Martin Arnold uses repetition as a device to convey multiple ideas and meanings across his work.Some of his pieces are driven by a desire to interrogate the construct and to challenge the grammar and mechanics of Hollywood film making. Others (such as the example here) seem to function as a means of bringing the subtext and the unconscious driving forces behind the situations and narratives in to the foreground. Generally however both of these interests are present and interrelated in the work of Martin Arnold.
His work is fundamentally a commentary on the mechanisation of urban living, and also an exploration of domestic space and the political/sexual tensions that charge and shape the material environment and of interpersonal relations within the ‘family unit’.
His work is of relevance to my present studies because of my interest in ‘cut and paste’ and ‘feedback’ .
‘Consider Pièce Touchée: a fifteen-minute recollection
of eighteen seconds; a man who appears as a father
(a kind of symbolic patriarch), struggles to pass
through a door, enter a living room, and kiss the assumed
mother. It is a child’s view, a primal movie scene
and an umbilicus to the imaginary. The insignificance
of the view is undermined by its fixation. The seemingly
innocent act that forms the nucleus of the scene-a
kiss-is reworked in the spectator’s imaginary into a
series of violent gestures and assaults.
Regarding the displacement of the scene from its
larger context or flow, Arnold confesses his indulgence
in the sampled fragment or excerpt. Passing the original
material of The Human Jungle through a computerdriven
analytic projector that could both decrease and
accelerate the time of projection, Arnold became fixed
on individual moments within the film. “At a projection
speed of four frames per second the event was
thrilling; every minimal movement was transformed into
a small concussion.”26 Those concussions, or traumas,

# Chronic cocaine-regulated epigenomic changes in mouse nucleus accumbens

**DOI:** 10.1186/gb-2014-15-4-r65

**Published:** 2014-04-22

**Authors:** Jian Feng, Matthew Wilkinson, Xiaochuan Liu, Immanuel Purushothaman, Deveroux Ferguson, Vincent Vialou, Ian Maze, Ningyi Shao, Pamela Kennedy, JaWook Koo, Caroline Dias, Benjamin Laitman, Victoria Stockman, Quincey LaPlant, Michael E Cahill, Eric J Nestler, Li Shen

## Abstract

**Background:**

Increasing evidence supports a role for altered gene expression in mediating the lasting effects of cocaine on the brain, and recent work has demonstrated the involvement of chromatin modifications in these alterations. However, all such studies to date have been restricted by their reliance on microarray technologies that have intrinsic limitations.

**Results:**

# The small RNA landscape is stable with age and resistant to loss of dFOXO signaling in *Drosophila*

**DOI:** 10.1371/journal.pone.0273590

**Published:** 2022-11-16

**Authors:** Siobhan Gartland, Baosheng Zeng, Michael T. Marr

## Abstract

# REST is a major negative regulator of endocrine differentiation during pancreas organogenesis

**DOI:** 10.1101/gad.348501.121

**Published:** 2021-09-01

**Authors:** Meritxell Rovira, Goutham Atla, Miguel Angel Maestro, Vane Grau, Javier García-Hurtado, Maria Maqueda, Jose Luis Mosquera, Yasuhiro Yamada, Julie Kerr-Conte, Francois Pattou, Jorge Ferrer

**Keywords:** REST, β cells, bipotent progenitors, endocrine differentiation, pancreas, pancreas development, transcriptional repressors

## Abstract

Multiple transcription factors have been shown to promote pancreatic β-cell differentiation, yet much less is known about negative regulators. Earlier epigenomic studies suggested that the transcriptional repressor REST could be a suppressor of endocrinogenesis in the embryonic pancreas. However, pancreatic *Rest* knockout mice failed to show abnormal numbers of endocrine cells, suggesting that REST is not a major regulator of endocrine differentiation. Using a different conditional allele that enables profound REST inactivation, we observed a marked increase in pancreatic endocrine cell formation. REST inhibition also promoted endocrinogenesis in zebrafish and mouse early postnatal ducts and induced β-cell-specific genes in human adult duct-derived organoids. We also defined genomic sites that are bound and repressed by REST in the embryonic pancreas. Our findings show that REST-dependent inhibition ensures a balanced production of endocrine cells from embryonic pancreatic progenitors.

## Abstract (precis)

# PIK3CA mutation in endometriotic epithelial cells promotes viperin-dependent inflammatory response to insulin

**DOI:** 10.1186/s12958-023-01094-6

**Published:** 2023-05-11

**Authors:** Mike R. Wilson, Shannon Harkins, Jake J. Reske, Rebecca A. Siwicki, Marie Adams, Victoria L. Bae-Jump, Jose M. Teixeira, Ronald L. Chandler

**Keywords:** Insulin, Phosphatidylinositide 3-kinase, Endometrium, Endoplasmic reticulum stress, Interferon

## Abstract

are a feature of Arnold’s own memories of a childhood
immersed in Hollywood: “In my childhood,” he writes,
“Hollywood’s love and crime stories instilled in me
great expectations of adulthood. I absolutely wanted to
be a part of that exciting world. When I grew up, I was tremendously disappointed.”.’
Akira M. Lippit
Martin Arnold«s Memory Machine. In: Afterimage.
The Journal of Media Arts and Cultural Criticism. Vol 24 No.6, Rochester, NY 1997, S. 8 – 10
This exert refers to the significance of memory within the work Pièce Touchée (embedded within this post)
Why I think this work has been compared to a memory process is because of the way that time and space are transfigured by memory, in perhaps a similar to way to how the preexisting footage is re-worked by Arnolds’ process’s which re-member the footage.
The result is a kind of implosion, the impressions embed themselves in the present and refuse to filter through into memory, and a kind of feedback ensues whereby the past and the present become entangled and the machine that regulates experience gets jammed. I find it quite useful to think of this work as a kind cinematic feedback, based on the principle of sonic feedback, whereby a loop is created between input and output. In the films of Martin Arnold a similar kind of loop is created between sensation and memory.